RUSSIA & NETHERLANDS GAS DOWN
Global trade of natural gas via pipelines fell the most on record last year as Russia halted exports to Ukraine and shipments declined from the Netherlands, the European Union's biggest producer, according to BP.
Exports of the fuel through pipelines slipped more than 6% last year, the biggest drop since the oil major started compiling the data in 1989, BP said in its annual Statistical Review. It's only the second time global gas trade retreated. Russian shipments declined by 12%, while those from the Netherlands tumbled 30%, according to the data.
Russia halted supplies to Ukraine for six months last year due to a price dispute between the two nations. Gas output in the Netherlands fell the most globally last year as the country's government decided to limit output from the Groningen field, Europe's biggest, after earthquakes caused by gas extraction damaged buildings in its most northern province.
"The weakness in pipeline gas trade was compounded by the dispute between Russia and Ukraine, which resulted in Russia's gas exports to Ukraine being turned off between June and December last year," said Spencer Dale, BP's chief economist. "Lower exports to EU and Ukraine caused Russia's gas production to fall by over 4%."
Pipeline exports also dropped as consumption in the EU fell 12% last year, the biggest decline on record, BP said. Reduced demand in the 28-member nation bloc dragged down global consumption, which grew by 0.4% compared with a 10-year average of 2.4%.
The decline in global gas demand last year may not be sustainable because it was mainly driven by mild weather in Europe rather than structural factors, Dale said at a presentation of the report at BP's office in London.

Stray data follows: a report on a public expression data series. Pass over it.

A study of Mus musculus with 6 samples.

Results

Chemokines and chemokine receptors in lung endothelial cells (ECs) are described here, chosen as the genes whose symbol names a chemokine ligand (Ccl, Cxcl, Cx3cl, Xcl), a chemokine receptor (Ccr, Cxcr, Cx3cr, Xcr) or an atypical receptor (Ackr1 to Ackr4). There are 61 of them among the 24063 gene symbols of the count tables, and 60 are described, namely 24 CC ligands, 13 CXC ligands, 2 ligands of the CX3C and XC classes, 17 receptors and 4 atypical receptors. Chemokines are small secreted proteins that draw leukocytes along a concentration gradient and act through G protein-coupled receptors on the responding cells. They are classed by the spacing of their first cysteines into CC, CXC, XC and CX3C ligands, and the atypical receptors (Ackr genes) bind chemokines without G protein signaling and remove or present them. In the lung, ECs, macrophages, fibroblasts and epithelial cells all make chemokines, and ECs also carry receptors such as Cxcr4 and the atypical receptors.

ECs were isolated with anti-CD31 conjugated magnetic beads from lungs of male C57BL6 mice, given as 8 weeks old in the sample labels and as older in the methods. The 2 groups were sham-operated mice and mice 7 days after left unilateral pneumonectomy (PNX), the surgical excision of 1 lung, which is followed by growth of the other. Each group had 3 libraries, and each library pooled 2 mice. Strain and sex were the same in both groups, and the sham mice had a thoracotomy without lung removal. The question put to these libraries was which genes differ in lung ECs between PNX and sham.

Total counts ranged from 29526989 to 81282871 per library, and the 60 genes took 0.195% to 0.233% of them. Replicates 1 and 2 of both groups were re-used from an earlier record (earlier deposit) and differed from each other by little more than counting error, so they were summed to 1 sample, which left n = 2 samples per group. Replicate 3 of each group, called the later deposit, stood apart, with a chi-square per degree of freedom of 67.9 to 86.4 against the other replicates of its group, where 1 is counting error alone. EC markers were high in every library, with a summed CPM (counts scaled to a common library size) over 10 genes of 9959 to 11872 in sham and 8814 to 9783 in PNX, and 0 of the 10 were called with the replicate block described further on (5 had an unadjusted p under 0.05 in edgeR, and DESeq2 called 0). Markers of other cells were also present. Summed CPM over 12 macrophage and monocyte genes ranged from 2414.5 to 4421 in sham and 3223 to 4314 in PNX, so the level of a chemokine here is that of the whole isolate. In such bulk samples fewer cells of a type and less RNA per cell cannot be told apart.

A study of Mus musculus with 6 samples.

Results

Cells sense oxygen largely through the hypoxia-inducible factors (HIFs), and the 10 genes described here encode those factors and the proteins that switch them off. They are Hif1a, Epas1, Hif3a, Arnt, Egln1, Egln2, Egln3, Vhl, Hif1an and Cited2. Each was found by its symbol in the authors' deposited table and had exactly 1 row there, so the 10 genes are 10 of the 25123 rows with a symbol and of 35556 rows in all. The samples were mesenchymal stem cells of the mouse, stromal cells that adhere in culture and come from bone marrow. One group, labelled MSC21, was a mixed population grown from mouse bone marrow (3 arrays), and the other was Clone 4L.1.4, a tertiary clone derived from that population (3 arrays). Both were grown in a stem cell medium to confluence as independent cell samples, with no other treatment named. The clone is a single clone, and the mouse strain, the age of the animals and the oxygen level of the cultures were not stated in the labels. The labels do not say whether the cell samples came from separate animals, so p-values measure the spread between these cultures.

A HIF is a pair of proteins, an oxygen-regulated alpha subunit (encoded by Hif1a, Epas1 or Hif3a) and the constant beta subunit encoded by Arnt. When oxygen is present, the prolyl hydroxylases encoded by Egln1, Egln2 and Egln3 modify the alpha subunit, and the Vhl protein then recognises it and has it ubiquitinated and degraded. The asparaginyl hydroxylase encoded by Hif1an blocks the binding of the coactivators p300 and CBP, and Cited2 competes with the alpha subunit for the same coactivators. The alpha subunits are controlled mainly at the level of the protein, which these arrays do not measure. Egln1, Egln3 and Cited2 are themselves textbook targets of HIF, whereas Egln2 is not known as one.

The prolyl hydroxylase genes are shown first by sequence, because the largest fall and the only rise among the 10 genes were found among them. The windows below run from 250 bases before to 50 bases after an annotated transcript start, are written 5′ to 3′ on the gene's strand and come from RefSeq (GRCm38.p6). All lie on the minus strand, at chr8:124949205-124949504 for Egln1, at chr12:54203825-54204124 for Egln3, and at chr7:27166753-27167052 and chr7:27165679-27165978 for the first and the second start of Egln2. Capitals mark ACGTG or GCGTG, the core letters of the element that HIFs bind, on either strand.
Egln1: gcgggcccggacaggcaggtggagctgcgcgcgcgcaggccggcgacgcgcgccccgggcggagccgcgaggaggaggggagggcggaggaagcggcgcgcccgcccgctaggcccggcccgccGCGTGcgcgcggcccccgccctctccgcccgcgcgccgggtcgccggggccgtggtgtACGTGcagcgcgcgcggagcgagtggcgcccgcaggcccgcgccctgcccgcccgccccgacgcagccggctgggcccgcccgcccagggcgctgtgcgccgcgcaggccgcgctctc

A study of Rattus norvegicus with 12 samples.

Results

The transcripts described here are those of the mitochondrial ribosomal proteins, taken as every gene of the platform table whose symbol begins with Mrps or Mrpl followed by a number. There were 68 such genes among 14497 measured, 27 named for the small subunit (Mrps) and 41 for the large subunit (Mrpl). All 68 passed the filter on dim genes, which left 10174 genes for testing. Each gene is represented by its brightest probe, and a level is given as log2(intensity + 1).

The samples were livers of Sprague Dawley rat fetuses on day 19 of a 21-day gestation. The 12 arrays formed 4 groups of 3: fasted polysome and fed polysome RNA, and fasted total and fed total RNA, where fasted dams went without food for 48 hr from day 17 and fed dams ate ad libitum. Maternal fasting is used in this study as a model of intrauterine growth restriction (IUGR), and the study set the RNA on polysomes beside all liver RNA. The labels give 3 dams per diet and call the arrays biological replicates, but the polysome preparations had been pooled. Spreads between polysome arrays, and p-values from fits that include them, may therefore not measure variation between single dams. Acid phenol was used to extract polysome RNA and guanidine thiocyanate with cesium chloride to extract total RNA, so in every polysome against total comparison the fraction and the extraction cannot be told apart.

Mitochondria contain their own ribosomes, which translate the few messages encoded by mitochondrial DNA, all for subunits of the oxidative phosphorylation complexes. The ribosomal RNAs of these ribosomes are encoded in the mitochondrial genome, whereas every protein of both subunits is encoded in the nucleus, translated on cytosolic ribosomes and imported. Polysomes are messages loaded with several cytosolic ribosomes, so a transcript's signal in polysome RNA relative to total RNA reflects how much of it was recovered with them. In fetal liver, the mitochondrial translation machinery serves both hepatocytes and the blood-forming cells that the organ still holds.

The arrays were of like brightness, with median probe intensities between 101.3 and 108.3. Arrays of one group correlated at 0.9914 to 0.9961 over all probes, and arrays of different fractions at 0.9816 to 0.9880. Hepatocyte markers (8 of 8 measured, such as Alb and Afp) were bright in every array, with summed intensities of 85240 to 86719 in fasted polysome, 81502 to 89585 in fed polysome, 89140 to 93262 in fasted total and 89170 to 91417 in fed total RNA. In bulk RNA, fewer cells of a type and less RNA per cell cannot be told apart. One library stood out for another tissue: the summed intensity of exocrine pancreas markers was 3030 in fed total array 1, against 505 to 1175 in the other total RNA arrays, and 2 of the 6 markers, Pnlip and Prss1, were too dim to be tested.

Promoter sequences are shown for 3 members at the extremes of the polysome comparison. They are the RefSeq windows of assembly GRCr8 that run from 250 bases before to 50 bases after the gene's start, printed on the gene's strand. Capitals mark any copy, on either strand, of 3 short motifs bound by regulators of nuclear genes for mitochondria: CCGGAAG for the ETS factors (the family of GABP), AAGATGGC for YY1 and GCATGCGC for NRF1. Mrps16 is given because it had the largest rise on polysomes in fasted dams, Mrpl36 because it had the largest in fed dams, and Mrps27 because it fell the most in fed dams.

Increased supplies of liquefied natural gas following the start of production in Papua New Guinea helped compensate for the weaker pipeline gas trade, BP said. Global LNG trade increased by 2.4%, taking a 33.4% share of total gas trade, according to the company.
While last year's demand growth was the lowest in almost 20 years, with the exception of the financial crisis, global production gained 1.6%, causing prices to drop globally, BP said. Northeast Asian spot liquefied natural gas (LNG) prices fell 45% in 2014, as US gas on Henry Hub slipped 32% and UK fuel on the National Balancing Point fell 28%, the most since 2009, according to exchanges and World Gas Intelligence.
"This general weakening in gas prices also coincided with a further narrowing of the differential between regional gas prices, reflecting the increasing integration of global gas markets," Dale said. "The main exception to this story of global gas weakness was, of course, the US, where gas production increased by over 6%."
The US, the world's biggest gas producer, accounted for almost 80% of the increase in global gas output. Domestic supplies, with production growth mainly stemming from the Marcellus and Utica shale deposits, helped boost US consumption by almost 3% last year, BP said.